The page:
Let's suppose that the grid fins of the Falcon 9 remain open and the rocket still launches. This is probably never going to happen because the SpaceX team is exceptionally good, but I am trying to see what will happen for a personal project.

So what will happen during the flight if the fins are open even before launch?


3 Answers 3


I can think of three principal issues raised by launching with fins deployed; I would guess that none of them would endanger a mission, but I don't have any inside information to support that.

  1. Increased drag from the deployed fins. This would hurt performance slightly, but there is some performance margin in the launcher, and the fins aren't designed to create large amounts of drag. I would not expect the additional drag to compare to the performance loss from an engine-out, for example.
  2. Aerodynamic stability. Aerodynamic surfaces above the rocket's center of gravity reduce stability; finned things want to fly with the fins toward the back (like a fletched arrow). The second stage and payload are above the fins, so the fins aren't that far ahead of the center of mass, and the gimbaled rocket engines should provide enough control to compensate, but if the rocket is normally flown with minimal stability margin, this could push it over the edge, causing it to flip and break apart. (I suspect the engines have plenty of control authority, but I don't actually know for sure.)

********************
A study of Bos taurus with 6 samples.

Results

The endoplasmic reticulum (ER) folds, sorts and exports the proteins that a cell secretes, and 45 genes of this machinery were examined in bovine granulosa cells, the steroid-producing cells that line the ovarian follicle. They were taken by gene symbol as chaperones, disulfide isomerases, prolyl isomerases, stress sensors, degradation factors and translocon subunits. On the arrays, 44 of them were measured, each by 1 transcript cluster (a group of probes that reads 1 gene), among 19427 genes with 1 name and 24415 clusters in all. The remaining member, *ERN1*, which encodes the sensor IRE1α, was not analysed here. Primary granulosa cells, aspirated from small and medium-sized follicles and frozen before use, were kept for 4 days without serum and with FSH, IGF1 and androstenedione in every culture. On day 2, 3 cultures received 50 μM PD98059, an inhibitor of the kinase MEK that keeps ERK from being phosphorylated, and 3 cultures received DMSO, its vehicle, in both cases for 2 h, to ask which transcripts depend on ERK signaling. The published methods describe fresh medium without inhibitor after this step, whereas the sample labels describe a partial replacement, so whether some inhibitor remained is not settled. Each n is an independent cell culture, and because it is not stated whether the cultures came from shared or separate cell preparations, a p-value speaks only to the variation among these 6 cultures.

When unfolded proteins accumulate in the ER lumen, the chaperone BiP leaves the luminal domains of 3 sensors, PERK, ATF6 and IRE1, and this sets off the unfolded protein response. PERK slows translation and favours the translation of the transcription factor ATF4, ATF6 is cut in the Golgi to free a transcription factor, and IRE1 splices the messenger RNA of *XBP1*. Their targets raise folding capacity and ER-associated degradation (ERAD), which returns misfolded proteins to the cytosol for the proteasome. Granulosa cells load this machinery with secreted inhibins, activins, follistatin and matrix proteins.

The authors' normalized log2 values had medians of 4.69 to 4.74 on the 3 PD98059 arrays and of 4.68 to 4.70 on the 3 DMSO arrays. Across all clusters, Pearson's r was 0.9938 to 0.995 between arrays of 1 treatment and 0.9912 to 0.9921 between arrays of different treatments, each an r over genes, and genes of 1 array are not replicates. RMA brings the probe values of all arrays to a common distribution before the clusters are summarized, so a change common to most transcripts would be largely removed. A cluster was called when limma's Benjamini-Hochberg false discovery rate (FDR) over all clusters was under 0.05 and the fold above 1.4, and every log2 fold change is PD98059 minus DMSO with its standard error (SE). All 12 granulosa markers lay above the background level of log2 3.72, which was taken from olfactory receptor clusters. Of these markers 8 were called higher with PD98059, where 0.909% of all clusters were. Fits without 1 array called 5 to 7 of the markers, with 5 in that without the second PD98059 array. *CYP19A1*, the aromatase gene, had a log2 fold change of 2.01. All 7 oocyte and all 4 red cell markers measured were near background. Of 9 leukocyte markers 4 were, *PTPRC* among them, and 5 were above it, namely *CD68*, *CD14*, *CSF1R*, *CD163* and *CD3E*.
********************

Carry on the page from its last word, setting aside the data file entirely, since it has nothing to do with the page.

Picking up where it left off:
3. Damage to the fins themselves. If I remember correctly, the dynamic pressure sustained during reentry, while the fins are normally deployed, is quite a bit higher than the maximum dynamic pressure on ascent, so the fins should be able to survive easily.

If you have noticed, the fins deploy by opening upwards. This makes me wonder if they considered your case.

When in normal use, the force vector upon them pushes upwards.

In your case, the force vector would be forcing them down and closed.

So first approximation they would be forced down to a minimum. They would add significant drag in a non-fully open mode. I.e. Would possibly cause less resistance if fully open and inline vs pushed partially down and more of an angle.

Likely they would be able to continue the mission, but it would probably be a bad thing.


Drag would probably force the grid fins closed. Still, the fins are controlled, so they wouldn't aimlessly flap around even if they accidentally deployed. They could in principle be aligned to cause the least drag---the same way they are aligned for steering on descent.

A bigger concern might be the perturbation to the attitude of the rocket, which could pitch, yaw, or roll if the grid fins deployed asymmetrically. But you could always gimbal the engines (or, rather, the control system could) to counter the perturbation (as is done continuously throughout flight, anyway, only difference being the source of the perturbation).

At any rate, grid fins are inefficient at low speeds---they're called hypersonic for a reason---so the drag or attitude perturbation might not be severe even if a) drag didn't force the fins shut on ascent and b) you somehow couldn't gimbal the thrust-vectoring engines to correct for the attitude perturbation.